Changing the status quo is never easy and the ripple effects of retirement decisions are often underestimated. Deciding to move or to spend significant time away from where you live changes both your community and your connection to it.
Neighbors may subconsciously or consciously begin to exclude you from activities “because you’re not going to be around.” Your excitement about your retirement plans may alienate others for a variety of reasons. Time away may trigger sadness, anger, abandonment issues or other emotions in those you leave behind. They may not be aware of these emotions or express them in ways which further compound the issue.
Time away may necessitate resigning from boards or committees you serve on in your community such as your neighborhood HOA. Your absence may also change the way in which you participate on those boards or committees. Returning home after time away may trigger feelings of exclusion and “being out of the loop.”
What’s the solution? Communication.
“The majority of us are creatures of community,” said therapist Barbara Sheehan-Zeidler, LPC. “When we feel disconnected from community we may feel as though we have lost part of our identity. Regular communication can keep us connected on many levels.”
“It’s important to identify what’s going on at a deeper emotional level, such as ‘I feel lost.’ ‘I’m scared.’ or ‘I’m angry.’ and find ways to communicate those feelings in ways that are meaningful to both parties,” she continued. “Disengaging from reactive behavior and engaging our higher (adult) self is key.”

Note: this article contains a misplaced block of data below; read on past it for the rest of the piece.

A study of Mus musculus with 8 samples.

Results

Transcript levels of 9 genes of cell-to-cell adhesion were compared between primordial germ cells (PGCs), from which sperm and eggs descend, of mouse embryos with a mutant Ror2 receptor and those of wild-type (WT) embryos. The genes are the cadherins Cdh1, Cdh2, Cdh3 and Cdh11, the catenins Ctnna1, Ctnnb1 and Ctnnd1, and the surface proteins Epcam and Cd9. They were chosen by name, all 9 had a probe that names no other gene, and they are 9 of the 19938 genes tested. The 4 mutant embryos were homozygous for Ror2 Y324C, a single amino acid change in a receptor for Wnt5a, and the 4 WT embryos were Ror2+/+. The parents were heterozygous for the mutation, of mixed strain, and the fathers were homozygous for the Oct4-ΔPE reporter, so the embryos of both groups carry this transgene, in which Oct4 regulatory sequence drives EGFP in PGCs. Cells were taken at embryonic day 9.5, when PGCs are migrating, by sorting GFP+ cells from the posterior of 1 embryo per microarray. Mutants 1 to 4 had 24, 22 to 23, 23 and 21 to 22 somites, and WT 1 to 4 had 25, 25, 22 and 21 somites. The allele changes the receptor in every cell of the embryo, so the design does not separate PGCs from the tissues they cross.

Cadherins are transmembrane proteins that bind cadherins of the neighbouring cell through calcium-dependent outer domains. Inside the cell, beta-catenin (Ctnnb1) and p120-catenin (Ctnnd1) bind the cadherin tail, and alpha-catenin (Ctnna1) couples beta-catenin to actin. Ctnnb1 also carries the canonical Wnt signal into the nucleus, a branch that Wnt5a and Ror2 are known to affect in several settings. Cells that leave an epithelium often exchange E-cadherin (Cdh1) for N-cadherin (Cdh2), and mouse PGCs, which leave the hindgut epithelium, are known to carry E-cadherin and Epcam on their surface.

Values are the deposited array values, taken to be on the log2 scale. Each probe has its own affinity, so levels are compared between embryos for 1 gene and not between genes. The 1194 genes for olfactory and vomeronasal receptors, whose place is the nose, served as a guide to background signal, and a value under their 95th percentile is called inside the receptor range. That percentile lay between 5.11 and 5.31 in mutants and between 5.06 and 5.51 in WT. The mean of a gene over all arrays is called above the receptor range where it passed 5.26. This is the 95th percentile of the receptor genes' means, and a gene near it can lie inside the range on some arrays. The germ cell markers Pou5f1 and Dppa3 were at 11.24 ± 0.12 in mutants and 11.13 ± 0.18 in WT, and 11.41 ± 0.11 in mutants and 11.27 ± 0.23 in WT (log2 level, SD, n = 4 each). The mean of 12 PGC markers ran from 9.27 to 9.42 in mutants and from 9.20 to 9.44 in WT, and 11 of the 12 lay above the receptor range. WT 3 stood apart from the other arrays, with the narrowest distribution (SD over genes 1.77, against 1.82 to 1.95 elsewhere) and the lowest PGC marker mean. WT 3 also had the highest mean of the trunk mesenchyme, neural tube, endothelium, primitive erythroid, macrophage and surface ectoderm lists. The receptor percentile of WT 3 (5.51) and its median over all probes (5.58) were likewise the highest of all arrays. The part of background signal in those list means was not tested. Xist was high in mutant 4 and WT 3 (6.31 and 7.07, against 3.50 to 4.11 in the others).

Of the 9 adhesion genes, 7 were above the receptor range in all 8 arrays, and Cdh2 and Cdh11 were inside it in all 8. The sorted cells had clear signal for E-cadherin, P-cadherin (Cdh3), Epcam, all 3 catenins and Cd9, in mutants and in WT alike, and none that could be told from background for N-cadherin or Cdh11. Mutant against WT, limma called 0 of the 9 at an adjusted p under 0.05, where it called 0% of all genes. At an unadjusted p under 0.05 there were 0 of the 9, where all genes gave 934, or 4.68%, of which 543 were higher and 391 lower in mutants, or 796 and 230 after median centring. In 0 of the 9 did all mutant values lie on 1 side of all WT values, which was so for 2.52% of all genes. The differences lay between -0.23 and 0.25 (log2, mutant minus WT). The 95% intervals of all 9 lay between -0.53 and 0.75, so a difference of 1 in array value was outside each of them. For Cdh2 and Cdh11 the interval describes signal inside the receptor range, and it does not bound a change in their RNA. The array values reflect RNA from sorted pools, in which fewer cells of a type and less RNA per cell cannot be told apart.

Assuring those involved you will keep in touch can diffuse the situation. Ascertain the preferred communication style of each person involved. Do they prefer phone calls, texts, FaceTime, Skype, emails, letters, or acts of kindness? Do they prefer a set time to talk or are sporadic communications okay?
It is well worth the effort to tend to friendships and maintain communications with neighbors to ensure a warm welcome when you come back.
If you notice changes in the behavior of friends and neighbors as the time for your departure approaches, keep the lines of communication open.
Take time to identify what may be going on at a deeper emotional level such as sadness, fear, or other hidden emotions and discuss them. Listening to and acknowledging fears and concerns may be all that is needed or wanted.
Assure those close to you that you will keep in touch and establish the guidelines for those communications.
If possible, avoid springing major changes on those in your community at the last minute. Ample advance notice gives those involved a chance to adjust to and accept changes.